Slovak DM states that Ukraine should get back home their man from Europe instead of speaking about NATO troops

Robert Kaliňák
Robert Kaliňák

According to Slovak Defense Minister Robert Kaliňák, instead of sending NATO troops, Ukraine should return combat-ready men who have gone abroad, reported the press service of the country's ruling SMER-SSD on Facebook on March 11.

According to Kaliňák, the deployment of troops from NATO member states to Ukraine is "a thick red line, crossing which will significantly increase the risk of global conflict."

"If our warmongers were serious about supporting Ukraine and defeating Russia, they would call for allowing combat-ready Ukrainians to return to their homeland," the Slovak DM said.

At the same time, he noted that the world "has seen the results of the war 'to the last Ukrainian'", so, according to him, it is time to "look for peaceful solutions".

Read also: Slovak deputy parliamentary speaker defends Russian aggression against Ukraine

"Only by immediately ending hostilities will we be able to prevent further bloodshed and restore Ukraine's sovereignty," Kaliňák added.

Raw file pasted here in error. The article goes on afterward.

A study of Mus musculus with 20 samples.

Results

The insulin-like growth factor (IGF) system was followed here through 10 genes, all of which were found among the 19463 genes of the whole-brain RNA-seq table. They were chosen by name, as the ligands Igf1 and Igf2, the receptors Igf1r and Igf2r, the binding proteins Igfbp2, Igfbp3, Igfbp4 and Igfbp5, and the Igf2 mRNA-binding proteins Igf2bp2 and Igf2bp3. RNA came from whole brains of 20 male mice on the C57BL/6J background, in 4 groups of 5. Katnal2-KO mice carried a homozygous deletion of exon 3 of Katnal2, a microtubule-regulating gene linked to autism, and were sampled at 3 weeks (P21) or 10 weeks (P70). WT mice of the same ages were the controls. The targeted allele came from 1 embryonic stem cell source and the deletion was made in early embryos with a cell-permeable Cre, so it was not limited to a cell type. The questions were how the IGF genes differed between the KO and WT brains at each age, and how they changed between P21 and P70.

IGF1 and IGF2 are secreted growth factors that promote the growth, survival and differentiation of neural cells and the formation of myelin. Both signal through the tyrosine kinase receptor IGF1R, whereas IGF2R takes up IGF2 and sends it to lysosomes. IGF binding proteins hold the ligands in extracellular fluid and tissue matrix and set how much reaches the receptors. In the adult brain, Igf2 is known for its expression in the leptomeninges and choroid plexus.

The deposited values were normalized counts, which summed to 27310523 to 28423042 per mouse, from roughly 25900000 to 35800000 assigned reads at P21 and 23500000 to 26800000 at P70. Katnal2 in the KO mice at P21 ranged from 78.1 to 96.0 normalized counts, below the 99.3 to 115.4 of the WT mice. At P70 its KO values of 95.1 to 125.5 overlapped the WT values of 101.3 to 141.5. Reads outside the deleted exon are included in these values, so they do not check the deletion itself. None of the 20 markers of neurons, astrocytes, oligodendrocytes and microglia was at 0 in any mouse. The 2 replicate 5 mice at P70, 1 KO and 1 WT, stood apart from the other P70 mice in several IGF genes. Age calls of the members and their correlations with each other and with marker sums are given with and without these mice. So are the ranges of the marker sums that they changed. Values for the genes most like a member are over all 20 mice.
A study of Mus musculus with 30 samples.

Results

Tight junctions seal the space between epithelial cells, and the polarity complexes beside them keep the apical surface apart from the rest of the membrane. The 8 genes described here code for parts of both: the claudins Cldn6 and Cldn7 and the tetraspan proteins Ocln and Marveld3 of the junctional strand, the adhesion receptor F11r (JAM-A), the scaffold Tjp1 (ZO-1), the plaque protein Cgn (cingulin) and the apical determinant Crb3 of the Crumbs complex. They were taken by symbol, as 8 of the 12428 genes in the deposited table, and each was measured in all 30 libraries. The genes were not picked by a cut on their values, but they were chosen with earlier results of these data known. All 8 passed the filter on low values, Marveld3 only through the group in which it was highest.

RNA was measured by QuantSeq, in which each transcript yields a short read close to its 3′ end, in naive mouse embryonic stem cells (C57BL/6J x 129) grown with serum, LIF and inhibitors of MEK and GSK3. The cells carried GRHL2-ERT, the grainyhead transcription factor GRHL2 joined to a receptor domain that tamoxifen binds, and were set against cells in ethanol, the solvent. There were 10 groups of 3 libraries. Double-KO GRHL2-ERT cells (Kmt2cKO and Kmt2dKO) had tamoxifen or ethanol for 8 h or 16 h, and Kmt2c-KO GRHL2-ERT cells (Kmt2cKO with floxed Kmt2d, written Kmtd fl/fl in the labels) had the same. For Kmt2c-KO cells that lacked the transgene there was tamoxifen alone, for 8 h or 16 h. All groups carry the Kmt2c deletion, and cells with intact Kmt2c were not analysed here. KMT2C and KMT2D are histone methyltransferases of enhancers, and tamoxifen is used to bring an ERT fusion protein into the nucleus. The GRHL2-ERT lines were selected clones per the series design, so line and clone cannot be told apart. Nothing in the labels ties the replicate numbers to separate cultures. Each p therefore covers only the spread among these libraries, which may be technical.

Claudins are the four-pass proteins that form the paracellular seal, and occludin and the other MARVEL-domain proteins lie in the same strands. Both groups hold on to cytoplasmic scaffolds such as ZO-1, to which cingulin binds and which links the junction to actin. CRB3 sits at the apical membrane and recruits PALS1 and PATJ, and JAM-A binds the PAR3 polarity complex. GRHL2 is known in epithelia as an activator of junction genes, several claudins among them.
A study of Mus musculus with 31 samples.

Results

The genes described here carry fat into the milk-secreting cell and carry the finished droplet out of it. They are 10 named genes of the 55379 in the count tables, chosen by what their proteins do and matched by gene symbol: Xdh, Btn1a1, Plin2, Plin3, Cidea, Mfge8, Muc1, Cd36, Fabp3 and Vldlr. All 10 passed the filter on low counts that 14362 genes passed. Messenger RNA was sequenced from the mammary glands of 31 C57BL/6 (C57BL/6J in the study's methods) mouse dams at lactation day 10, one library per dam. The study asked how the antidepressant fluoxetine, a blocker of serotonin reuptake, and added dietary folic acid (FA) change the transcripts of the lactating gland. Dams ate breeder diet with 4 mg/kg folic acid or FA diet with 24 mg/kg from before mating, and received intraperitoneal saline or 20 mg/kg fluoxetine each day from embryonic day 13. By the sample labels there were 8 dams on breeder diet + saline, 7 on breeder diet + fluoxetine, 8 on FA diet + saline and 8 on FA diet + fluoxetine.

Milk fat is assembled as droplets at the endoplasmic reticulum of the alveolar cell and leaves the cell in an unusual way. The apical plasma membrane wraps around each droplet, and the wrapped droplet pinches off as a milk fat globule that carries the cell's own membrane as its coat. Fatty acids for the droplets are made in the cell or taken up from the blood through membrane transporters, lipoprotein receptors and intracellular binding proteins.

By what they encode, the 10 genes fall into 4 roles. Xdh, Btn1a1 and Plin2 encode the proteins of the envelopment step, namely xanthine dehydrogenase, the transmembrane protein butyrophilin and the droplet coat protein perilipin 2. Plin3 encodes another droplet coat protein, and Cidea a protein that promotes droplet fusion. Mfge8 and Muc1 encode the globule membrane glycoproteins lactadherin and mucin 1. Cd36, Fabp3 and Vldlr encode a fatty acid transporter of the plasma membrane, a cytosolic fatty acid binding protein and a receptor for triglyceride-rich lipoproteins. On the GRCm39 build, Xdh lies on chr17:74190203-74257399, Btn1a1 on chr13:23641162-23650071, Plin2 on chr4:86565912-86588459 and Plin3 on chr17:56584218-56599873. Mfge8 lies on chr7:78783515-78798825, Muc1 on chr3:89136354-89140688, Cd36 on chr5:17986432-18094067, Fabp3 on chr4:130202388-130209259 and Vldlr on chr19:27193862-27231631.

In November 2023, during a visit to Brussels, Robert Kaliňák told NATO Secretary General Jens Stoltenberg that the new Slovak government had decided to stop transferring military aid to Ukraine from its stockpiles.

On March 8, 2024, Andrej Danko, Deputy Speaker of the Slovak Parliament and leader of the pro-Russian Slovak National Party, said that Russia "is not an aggressor, but only defends its interests" in the war against Ukraine.

Slovak Prime Minister Robert Fico has also repeatedly spread Russian narratives about the war in Ukraine. He claimed that the war in 2014 allegedly began because of "Ukrainian Nazis." He is convinced that Russia "will never leave Crimea and the territories it controls."

Read also: Czech-Slovak joint cabinet meetings axed over Russia policy discord

In January, the Slovak prime minister also said that Ukraine "must give" Russia part of its territory to end the war.

Fico also argues that "it is better for Ukraine and Russia to negotiate over the next ten years than to kill each other."